Standing in darkness I feel and hear, rather than see, hundreds of microbats flapping past my face. With unerring accuracy, they fly centimetres from me without touching. Bram, our guide speaks quietly: "of course, with this much flying food there are predators ... when I turn on my torch you'll see snakes hanging from the trees just above us." He does. There is.
We've come to spend 24 hours exploring the world's longest lava flow from a single volcanic vent in modern geological time, but it turns out that there's more to Undara than that. The afternoon game drive that leads us to the bat encounter also introduces us to pretty-faced wallabies that certainly live up to their hype among the dour, shaggy common wallaroos. At the summit of Sunset Bluff we see to the distant horizon and the region's geology came into sharp relief. It's scrubby, dry savannah woodland and though we're almost directly west of Mission Beach and about 260 kilometres from Cairns, it feels a long way from the Reef. Indeed, the geological activity that has brought me here seems quite un-Australian. Volcanoes in Queensland?
The Undara volcano erupted 190,000 years ago as part of a cluster of volcanoes that included the Boomerang and Mount Razorback volcanoes. Molten rock poured out of it at a rate of up to 1000 cubic metres per second flowing along the course of existing river beds, filling one creek for a distance of 90 kilometres and another for more than160 kilometres .
In Australia rock is something you walk on, drive on, or throw. Red rivers of lava are the stuff of television news and the mechanics of lava cooling a mystery. In fact, the outer surfaces of the flow cool first like the skin on custard. The lava in the creek bed becomes a tube with a molten core, rather like a Mars Bar with a 10-metre diameter. When the volcano stops the core continues to flow, leaving a long hollow tube.
The remarkable beauty of a faceted lava tube is a symphony in stone. We're on a morning guided tour inside a lava tube. The roof of the tube collapsed eons ago and we descend stairs to the floor through vegetation thriving in the volcanic soil. Another section of roof has collapsed leaving the Archway, perhaps Undara's best known feature. During the tube tour we venture into Stephenson Cave and Ewamian Cave, named after the original people of this land.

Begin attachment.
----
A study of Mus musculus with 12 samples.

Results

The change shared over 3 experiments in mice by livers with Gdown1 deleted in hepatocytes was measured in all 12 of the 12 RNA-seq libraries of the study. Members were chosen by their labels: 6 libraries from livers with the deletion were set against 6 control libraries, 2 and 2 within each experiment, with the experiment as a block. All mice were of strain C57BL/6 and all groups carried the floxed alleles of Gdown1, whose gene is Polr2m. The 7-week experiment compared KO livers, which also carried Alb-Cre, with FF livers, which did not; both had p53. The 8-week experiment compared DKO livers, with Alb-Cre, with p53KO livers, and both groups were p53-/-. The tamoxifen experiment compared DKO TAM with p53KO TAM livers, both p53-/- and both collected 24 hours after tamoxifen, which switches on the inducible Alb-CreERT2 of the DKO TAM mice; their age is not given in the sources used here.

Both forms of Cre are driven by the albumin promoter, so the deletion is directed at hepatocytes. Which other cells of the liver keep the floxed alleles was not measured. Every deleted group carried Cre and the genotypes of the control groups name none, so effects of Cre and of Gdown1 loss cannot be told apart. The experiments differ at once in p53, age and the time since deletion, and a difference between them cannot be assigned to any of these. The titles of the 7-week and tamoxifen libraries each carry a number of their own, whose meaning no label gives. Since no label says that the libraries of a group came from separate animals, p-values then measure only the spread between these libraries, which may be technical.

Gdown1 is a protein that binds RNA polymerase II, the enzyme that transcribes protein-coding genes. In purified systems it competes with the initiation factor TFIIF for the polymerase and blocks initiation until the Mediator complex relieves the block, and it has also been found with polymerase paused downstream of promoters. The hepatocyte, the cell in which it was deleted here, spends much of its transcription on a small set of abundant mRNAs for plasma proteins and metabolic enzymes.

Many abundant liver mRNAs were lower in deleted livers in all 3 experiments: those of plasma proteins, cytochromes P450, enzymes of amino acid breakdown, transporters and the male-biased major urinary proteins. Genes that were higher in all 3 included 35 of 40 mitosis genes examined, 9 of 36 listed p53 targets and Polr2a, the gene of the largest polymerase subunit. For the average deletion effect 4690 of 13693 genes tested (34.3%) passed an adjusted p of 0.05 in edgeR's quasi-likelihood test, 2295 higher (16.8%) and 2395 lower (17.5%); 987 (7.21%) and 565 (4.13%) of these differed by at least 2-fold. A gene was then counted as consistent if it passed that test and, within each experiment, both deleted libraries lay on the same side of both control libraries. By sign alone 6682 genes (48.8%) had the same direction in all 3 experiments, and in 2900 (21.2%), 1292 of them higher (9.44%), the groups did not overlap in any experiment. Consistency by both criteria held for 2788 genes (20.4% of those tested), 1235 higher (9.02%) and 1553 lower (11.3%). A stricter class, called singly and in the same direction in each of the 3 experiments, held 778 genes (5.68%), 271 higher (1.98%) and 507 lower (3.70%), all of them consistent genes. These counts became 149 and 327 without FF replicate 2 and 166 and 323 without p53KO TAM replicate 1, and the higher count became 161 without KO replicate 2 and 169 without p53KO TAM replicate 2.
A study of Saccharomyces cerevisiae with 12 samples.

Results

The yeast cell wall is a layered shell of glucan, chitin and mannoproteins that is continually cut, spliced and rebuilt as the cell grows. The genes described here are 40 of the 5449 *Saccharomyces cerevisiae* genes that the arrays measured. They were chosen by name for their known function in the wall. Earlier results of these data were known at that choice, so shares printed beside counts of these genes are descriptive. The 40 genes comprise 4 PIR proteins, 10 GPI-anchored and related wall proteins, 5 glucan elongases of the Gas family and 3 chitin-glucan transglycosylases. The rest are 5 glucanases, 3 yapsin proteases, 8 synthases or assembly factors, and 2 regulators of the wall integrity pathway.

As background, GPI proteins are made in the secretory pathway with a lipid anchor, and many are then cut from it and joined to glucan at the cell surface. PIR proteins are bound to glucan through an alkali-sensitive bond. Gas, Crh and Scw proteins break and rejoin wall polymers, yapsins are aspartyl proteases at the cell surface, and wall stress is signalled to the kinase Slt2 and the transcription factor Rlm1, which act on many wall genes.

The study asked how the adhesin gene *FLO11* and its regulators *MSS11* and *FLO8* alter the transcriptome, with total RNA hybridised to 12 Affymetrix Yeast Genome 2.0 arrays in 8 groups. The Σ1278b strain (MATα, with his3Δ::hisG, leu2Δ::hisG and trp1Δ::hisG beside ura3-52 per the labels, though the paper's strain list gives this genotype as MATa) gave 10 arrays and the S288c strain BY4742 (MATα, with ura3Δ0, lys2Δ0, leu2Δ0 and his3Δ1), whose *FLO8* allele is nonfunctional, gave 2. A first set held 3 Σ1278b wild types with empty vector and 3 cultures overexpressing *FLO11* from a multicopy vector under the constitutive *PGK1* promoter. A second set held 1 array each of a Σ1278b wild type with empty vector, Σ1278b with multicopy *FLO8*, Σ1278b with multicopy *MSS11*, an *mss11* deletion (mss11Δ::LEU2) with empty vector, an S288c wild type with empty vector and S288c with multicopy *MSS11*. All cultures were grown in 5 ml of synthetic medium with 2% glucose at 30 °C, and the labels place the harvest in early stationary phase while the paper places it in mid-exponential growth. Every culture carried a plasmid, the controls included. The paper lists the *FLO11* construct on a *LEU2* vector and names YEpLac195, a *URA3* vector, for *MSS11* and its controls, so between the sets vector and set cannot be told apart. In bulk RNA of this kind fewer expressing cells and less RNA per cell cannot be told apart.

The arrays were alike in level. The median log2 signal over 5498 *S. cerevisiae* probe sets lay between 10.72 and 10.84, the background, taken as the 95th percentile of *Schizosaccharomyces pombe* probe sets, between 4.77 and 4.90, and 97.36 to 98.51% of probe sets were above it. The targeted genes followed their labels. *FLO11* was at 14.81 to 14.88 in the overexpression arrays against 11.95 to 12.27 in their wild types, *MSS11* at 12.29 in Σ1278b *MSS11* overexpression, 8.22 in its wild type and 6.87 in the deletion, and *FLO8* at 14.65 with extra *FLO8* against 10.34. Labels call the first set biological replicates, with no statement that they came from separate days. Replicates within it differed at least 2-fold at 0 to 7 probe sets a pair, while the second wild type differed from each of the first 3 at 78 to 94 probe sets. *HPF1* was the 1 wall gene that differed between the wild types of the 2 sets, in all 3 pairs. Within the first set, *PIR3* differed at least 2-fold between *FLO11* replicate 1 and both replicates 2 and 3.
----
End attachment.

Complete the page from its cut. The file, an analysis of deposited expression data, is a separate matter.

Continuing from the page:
Our guide is Bram Collins, owner of the attraction known as the Undara Experience which also provides accommodation and in which we stay. Four generations of the Collins family ran Rosella Plains Station where Undara is situated. In 1987 Bram's father Gerry proposed Undara be proclaimed a National Park with access by tours from a lodge operated by the family as the tubes and their occupants could be harmed by unsupervised visitor access. Bram is also closely involved with the conservation-orientated Savannah Guides network across northern Australia.
At the Undara Experience you can stay in repurposed and restored Queensland Railway carriages that Gerry found decommissioned on a siding in Mareeba. Each unit has a lounge room and a double bedroom with ensuite and the original QR wire luggage racks. Dinner is served in the Lava Lodge's vast amphitheatre and breakfast is a bush barbecue.
Undara is worth visiting see the lava tubes, the wildlife or the opportunity to sleep in a rail carriage. Together it's a great experience. The approach through Gulf Country scenery, so far removed from the coastal palm trees and rainforests, is a bonus.
David McGonigal travelled as a guest of Tourism Tropical North Queensland.
To reach Undara catch the Savannahlander to Mount Surprise, take a four-hour trip by coach or private car from Cairns to xxxxx or fly a light plane to the lodge's airstrip. Undara's Green Season runs from November to March and during this period access to the tubes are limited. See savannahlander.com.au/
Options include camping, a caravan park and sleeping in rail carriages. A rail carriage double room at Undara costs from $185 a night. See undara.com.au
Undara hosts several music events each year such as April's Outback Rock and Blues.